Most targets for our submissions, whether they be online zines, print magazines or book/novel publishers, do not offer any sort of feedback when they send rejections. I understand why. With so many queries and submissions, and slush piles that may sometimes seem to rival Mt. Everest, there isn’t enough time for staffers to send personal feedback to each and every would-be contributor or author. It makes sense, but it’s so frustrating to not know where I’m failing! It feels like doing your best through a whole year of school, then finding out you failed but not knowing why or which subject shot you down; or maybe it compares to taking a trip somewhere without a detailed map, then getting lost and not knowing how to get back on course. Without any specific guidance, how are we supposed to improve our craft?
I attended a science fiction workshop at The Muse Center (in Norfolk, Virginia) a few days back and came away excited, motivated and inspired. (Thanks, Jason, Matt and John!) I also came away with some new resources, which I’ll be adding to my links page soon.
One of those new potential targets was Metaphorosis, an online magazine for short fiction. I’ve read some of the entries on the site; they’re good. The zine pays, but the best part of its submission system is this: the editorial staff offers feedback if you ask for it.
I asked. And I learned.
The editor, B. Morris Allen, rejected my story, but at least I know why. First of all, my story’s concept was familiar enough they could predict (accurately, I might add) the ending. Morris suggested if I’m going to use a familiar concept, I have to do something new with it. Okay. I can deal with that. Second, Morris (and/or his team) rated my prose for that tale 3 out of 5, which basically means my prose was functional, but not exceptional. Could use some work. No problem. Now that I know where my weaknesses are, I can work toward improvement. In fact, the Hampton Roads Writers Conference (coming up later this month) offers several breakout sessions for improving prose. I’ll be attending as many as I can.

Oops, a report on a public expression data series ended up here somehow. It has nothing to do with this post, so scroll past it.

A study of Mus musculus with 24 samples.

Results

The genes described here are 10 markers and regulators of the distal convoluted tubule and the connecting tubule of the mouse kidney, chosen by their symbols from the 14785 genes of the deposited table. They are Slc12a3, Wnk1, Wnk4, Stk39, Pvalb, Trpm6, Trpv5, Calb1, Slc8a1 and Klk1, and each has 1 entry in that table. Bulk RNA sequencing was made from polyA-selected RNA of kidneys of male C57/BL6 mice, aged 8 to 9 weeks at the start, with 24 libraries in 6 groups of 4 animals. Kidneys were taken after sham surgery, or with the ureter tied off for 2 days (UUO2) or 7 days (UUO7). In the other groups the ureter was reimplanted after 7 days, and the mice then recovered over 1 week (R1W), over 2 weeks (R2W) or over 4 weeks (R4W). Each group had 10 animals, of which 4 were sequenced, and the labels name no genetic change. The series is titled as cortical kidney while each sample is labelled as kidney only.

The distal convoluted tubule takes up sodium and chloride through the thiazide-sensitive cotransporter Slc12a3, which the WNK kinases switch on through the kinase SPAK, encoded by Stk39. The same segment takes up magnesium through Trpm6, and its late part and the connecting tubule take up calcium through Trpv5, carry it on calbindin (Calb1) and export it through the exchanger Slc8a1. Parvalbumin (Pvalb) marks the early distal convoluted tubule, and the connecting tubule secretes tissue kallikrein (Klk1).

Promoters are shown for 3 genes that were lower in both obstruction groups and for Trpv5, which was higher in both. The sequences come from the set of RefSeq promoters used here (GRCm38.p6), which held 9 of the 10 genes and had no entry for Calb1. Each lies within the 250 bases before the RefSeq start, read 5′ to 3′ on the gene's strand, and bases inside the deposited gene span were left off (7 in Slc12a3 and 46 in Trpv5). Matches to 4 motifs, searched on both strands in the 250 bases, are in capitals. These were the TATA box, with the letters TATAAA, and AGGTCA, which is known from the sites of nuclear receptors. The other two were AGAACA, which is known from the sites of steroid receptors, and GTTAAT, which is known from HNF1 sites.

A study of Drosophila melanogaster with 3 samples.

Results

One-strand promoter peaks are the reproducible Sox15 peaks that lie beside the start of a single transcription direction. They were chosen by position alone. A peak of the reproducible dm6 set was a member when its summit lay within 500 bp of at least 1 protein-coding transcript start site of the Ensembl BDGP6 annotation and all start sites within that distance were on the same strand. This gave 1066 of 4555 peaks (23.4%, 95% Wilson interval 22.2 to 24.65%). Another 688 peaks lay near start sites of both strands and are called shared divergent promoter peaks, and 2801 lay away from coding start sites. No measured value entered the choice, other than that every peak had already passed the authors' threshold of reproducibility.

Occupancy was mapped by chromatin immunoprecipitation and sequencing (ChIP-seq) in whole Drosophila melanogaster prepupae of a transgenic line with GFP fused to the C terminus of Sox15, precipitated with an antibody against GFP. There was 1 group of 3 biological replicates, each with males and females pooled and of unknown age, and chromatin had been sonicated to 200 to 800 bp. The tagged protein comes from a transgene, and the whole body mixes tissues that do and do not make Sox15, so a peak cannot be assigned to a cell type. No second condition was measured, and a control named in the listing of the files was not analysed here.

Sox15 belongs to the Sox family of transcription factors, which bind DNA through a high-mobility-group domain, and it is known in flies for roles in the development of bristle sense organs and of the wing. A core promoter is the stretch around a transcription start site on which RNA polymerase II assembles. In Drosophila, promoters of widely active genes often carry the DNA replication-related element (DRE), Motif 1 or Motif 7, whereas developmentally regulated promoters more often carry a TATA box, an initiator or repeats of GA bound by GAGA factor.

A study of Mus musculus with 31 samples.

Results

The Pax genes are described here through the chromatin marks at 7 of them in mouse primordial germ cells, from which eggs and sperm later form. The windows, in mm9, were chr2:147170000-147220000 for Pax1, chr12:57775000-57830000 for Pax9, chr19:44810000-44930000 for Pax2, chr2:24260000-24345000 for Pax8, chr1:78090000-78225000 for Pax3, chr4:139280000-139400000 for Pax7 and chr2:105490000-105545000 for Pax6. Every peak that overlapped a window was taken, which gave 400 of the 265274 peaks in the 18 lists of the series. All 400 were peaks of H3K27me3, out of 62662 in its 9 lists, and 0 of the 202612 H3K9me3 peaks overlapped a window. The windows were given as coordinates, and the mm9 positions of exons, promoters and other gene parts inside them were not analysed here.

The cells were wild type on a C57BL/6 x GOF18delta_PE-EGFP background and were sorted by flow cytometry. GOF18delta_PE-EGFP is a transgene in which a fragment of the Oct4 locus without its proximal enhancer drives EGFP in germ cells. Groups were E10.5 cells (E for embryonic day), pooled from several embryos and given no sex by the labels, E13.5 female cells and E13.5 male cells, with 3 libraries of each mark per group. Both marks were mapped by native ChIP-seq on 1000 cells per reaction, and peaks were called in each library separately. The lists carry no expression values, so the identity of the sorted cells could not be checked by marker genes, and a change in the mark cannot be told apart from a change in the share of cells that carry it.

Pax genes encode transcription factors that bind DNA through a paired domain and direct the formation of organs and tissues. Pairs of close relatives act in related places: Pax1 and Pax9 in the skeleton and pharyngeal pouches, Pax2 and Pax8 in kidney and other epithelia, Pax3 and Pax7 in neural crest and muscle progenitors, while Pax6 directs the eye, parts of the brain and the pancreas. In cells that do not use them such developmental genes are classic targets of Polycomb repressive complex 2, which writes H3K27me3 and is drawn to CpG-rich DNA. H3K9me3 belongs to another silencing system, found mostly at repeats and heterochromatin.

The “overly familiar concept” thing is something I’ll have to figure out. I stopped reading altogether for a long time, because I figured that if I was reading, I couldn’t be writing, and I wanted to spend ALL my “extra” time writing. Wrong. Erroneous thinking, and this is an excellent example as to why. If I’m not reading, I don’t know what other story concepts have been done. I thought the concept for “Switch” was clever. Shows what I know, and the only way to fix that knowledge gap is to fill it. By reading. And reading. And then reading some more.
As you know, I’ve been posting a book review every single week for a while now and while that alone shows I’m reading, it’s also keeping me so busy with novels and other full-length books that my new issues of Analog have been languishing. Bobby suggested I might review short stories, or particular issues of magazines. This makes sense, and I’ll probably start doing that as soon as I finish reviewing the Jemisin series I started last week (and continue this week). I’ve read many online stories, trying to get a feel for what various target magazines want, so there’s a lot of material to be had.
In the meantime, I’ll be sending Metaphorosis something else to read over. Maybe they’ll offer more input I can use. You should check them out – and if you like what you see, support them through Patreon. Zines like that one are good to keep around.